In 2008, a 7-year-old intentionally unvaccinated San Diego boy returned from a trip to Switzerland with an unwelcome—and undetected—carry-on.
Unknowingly exposed to and infected with measles, the boy returned to school and community activities. By the time his symptoms had been correctly diagnosed, he had exposed an additional 839 people to the highly contagious virus. Eleven of those—all unvaccinated—developed the disease, including one infant who was too young to have been immunized. The infant required hospitalization.
This local outbreak, subsequently written up and published in Pediatrics, offers a real-world case study of the consequences of intentional under-vaccination.
Now a new study in the New England Journal of Medicine confirms that rates of intentional non-vaccination are rising.
“We’ve seen an increase in vaccine refusal across the board,” says Nicole Gorton, MD, a pediatrician at Scripps Coastal Medical Center. “There is, unfortunately, a lot of inaccurate information floating around out there, including studies about vaccines and autism that have been thoroughly debunked and withdrawn. And there are some groups that are dedicated to spreading distrust of modern medicine. But the fact remains, it is infinitely more risky to refuse childhood vaccinations than to have them administered—for the child and for the whole community.”
The American Academy of Pediatrics agrees, writing in an official policy statement on parental refusal: “It is ironic that the remarkable success of vaccine programs has resulted in a situation in which most parents have no memory of the devastating effects of illnesses such as poliomyelitis, measles, and other vaccine-preventable diseases, making it more difficult for them to appreciate the benefits of immunization.”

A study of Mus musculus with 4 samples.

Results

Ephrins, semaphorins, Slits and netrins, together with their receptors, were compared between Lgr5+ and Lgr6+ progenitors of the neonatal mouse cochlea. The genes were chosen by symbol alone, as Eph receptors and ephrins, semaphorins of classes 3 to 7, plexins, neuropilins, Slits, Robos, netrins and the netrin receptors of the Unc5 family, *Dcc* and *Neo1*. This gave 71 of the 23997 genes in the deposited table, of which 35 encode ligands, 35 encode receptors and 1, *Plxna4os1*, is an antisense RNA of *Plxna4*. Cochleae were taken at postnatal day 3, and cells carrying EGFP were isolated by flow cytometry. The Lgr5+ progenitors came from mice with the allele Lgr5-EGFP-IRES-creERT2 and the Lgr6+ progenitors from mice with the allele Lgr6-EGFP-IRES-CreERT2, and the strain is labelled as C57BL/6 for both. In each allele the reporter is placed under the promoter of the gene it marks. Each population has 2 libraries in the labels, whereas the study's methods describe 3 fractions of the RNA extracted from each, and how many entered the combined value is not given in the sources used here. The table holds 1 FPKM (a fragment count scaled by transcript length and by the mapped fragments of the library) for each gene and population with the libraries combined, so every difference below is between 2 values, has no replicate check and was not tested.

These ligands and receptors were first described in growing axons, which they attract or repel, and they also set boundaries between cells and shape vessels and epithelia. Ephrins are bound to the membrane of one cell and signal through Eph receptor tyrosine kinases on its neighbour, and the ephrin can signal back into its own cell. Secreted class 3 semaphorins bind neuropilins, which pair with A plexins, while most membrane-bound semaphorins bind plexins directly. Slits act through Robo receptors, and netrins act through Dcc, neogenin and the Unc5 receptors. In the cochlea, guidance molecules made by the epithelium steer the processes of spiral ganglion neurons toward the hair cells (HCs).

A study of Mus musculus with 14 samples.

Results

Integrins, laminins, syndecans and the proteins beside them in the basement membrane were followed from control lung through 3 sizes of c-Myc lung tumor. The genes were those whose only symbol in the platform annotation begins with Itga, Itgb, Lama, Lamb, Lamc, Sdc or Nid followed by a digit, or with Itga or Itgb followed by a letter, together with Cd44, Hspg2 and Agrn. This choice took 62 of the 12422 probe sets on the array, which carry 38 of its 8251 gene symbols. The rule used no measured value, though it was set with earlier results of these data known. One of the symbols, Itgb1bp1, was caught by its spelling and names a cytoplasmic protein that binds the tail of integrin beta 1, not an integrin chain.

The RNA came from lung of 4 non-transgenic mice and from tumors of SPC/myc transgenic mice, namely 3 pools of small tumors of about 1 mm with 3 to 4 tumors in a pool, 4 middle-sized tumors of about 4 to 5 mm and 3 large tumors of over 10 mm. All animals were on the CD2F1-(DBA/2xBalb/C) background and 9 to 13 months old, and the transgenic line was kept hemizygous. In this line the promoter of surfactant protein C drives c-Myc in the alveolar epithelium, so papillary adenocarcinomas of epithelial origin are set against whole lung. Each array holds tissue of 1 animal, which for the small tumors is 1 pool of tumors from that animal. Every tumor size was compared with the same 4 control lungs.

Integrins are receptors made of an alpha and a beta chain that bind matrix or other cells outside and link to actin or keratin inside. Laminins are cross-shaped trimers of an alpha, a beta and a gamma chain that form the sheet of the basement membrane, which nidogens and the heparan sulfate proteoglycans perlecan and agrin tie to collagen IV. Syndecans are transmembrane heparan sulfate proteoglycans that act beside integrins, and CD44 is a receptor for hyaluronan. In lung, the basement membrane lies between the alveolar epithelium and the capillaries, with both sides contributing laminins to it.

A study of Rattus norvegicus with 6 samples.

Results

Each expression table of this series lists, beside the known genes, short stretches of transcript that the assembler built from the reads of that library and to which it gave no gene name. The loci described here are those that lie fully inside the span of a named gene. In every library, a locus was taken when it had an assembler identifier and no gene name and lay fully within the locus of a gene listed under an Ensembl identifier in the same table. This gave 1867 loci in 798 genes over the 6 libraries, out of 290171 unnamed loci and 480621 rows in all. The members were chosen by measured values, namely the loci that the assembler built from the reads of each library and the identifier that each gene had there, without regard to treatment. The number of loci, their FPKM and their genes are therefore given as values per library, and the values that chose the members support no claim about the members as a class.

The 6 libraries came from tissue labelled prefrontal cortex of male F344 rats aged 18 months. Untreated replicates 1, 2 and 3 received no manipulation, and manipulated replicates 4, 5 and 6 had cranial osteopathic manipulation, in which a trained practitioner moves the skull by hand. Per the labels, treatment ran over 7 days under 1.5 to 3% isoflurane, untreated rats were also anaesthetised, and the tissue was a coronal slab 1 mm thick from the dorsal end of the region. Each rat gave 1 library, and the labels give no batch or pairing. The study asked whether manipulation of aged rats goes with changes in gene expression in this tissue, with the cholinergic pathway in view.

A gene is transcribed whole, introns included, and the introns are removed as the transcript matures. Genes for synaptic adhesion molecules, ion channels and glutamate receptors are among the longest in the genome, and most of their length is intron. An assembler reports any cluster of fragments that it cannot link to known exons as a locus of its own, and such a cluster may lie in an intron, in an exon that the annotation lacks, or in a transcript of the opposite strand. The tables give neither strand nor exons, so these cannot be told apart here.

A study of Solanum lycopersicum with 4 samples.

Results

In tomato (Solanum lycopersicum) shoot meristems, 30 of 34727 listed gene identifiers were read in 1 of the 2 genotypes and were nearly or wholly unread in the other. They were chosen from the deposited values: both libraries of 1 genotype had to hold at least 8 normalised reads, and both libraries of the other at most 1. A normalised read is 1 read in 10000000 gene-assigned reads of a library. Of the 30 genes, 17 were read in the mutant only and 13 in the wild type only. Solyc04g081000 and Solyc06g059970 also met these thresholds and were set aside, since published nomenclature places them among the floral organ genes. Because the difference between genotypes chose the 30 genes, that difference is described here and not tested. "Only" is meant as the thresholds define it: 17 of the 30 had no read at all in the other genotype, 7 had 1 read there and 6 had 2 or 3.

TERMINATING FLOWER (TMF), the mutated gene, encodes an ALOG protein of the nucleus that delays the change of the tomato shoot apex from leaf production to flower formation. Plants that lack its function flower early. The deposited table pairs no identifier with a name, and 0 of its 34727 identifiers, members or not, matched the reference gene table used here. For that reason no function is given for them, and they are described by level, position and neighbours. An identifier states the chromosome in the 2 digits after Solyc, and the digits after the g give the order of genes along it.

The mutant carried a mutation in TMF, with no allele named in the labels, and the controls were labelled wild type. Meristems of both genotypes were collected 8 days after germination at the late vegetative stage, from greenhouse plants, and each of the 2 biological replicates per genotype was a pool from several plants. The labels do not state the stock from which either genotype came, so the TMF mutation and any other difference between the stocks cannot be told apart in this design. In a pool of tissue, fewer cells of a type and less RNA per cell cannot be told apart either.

In July, 2012, the U.S. Centers for Disease Control & Prevention (CDC) reported a 1,300 percent increase in pertussis (whooping cough) cases in the state of Washington, which has the highest reported rate of vaccine refusal (6.2 percent) in the nation. More than 2,500 cases had been reported by mid-year—a rate unseen since 1942. The Seattle Times reported two infant deaths attributed to the outbreak.
“The problem with vaccine refusal is that you don’t just put your own child’s health at risk. You put the entire community at risk, especially babies too young or people too sick to be immunized themselves,” says Dr. Gorton. “Vaccinations work because they create herd immunity. When a large majority of people are vaccinated—more than 95 percent—viruses and bacteria aren’t caught and spread as rapidly or as widely. But when too many people refuse or delay immunizations, we lose ‘herd immunity’ very quickly and diseases re-emerge.”
Globally, vaccination has completely eradicated two devastating diseases: Rinderpest (cattle plague) in large mammals, and smallpox in humans. Polio—which once infected tens of thousands per year—has also been reduced dramatically, with fewer than one hundred cases reported each year.
Dr. Gorton advises vigilance and rapid response if an unvaccinated person of any age develops symptoms that could be caused by a communicable disease. “Complications of these diseases can be serious—even life-threatening—in the very young or very old,” she says. If a vaccine-preventable disease is suspected, a trip to the doctor for testing is indicated to help prevent additional exposures and a wider outbreak.
Fever and rash
If an unvaccinated person comes down with this combination, it could be measles acquired through contact with another unvaccinated person.
Persistent cough, especially in spasms
Whooping cough presents itself and lingers for weeks, even months.
A cold with high fever
This could indicate an infection called HiB, which can cause meningitis—a dangerous swelling of the brain.
Visit the CDC’s website to find a wealth of information and tools about communicable vaccine-preventable illnesses, including recommended vaccination schedules.